Neil Gaiman's American Gods Is Actually Happening at Starz | Adweek Neil Gaiman's American Gods Is Actually Happening at Starz | Adweek

Cable net goes script-to-series with FremantleMedia adaptation

It's been rumored for years and now coming to pass: Neil Gaiman's beloved fantasy novel American Gods has a network ready to develop a long-rumored TV adaptation. The deal, initially, is for a pilot script; if Starz picks up the script, it will go straight to series with no intermediary pilot production stage.

HBO took a pass on adapting the complex book last month; now the show is headed to independent premium network Starz, which has had a hit recently with Michael Bay-produced pirate drama Black Sails and managed a brief Renaissance a few years ago shortly after the installation of CEO Chris Albrecht, who had the foresight to put several of the network's flagship shows—notably ancient war drama Spartacus—on Netflix. No dates were announced; the script-to-series deal is a commitment to develop the show but not yet a full series; still, it's much closer than the show has ever been to an airdate.

FremantleMedia picked up the rights to the series in February, but no network was attached. Michael Lombardo of HBO confirmed to Vulture in June that the network where the series eventually landed wouldn't be his.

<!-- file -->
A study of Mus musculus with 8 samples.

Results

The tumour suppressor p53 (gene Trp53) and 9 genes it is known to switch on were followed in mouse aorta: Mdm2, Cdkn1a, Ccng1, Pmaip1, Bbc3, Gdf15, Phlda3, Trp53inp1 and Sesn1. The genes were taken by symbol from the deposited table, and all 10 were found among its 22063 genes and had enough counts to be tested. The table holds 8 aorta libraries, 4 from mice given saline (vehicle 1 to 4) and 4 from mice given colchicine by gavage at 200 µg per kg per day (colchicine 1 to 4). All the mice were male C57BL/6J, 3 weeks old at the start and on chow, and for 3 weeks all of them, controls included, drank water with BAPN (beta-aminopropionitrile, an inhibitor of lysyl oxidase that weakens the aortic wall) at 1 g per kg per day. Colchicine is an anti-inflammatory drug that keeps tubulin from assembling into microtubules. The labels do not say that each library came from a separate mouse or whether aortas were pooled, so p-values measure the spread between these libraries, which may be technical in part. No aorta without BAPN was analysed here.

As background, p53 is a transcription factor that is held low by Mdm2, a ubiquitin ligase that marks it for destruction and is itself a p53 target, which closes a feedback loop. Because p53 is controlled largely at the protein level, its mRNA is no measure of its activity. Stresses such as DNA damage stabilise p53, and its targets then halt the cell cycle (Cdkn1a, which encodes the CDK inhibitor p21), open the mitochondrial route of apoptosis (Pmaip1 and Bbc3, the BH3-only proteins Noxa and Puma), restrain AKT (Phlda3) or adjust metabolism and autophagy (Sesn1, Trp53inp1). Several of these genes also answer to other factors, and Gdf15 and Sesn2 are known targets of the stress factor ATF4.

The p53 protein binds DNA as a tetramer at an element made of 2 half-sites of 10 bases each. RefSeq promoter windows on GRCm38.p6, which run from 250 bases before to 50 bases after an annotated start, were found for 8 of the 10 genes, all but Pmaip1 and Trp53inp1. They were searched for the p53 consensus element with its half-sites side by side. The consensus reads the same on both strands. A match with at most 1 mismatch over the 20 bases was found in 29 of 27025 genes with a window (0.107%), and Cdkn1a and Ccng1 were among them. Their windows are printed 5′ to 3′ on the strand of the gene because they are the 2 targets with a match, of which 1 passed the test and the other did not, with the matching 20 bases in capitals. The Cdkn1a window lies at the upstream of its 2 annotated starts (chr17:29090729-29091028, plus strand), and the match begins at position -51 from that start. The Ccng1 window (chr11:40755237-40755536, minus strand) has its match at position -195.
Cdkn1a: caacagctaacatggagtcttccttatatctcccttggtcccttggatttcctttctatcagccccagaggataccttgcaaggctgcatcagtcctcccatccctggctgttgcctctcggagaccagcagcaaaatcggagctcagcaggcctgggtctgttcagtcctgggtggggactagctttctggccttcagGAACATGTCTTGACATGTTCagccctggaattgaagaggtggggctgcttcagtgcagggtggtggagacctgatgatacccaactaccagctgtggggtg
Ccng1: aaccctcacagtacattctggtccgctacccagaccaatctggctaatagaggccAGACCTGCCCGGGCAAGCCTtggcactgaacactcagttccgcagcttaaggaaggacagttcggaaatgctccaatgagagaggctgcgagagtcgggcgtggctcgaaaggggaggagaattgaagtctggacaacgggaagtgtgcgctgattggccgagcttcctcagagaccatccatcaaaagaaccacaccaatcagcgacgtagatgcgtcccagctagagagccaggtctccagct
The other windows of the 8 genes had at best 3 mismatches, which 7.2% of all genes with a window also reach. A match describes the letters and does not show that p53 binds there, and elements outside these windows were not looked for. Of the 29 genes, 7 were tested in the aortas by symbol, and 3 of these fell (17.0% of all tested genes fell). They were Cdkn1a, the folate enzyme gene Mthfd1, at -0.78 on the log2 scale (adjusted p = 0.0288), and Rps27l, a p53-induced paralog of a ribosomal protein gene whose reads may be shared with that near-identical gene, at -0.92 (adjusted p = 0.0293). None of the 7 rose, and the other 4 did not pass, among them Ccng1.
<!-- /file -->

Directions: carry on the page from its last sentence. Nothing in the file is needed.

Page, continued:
Hannibal showrunner Bryan Fuller will write the pilot for Starz with Michael Green, who is used to tricky adaptations. He created NBC drama Kings, which retold and modernized the Biblical story of David.  

"When you create something like ‘American Gods,’ which attracts fans and obsessives and people who tattoo quotes from it on themselves or each other, and who all, tattooed or not, just care about it deeply, it's really important to pick your team carefully," Gaiman said, in a statement. "[Y]ou don't want to let the fans down, or the people who care and have been casting it online since the dawn of recorded history."

American Gods follows ex-con Shadow, a Native American man drawn into a con game by a man he meets on an airplane. He travels the U.S. meeting players in the elaborate scheme, some of whom may be gods and some of whom may not. The book won several major science-fiction honors, including the Hugo and the Nebula. Gaiman, who has written episodes of Babylon 5 and Doctor Who, is listed as an executive producer on the series.

It's the second high-profile adaptation announced by the FremantleMedia in the recent past. The Returned, an English-language version of the creepy French supernatural drama, is currently in production for cable network A&E as well.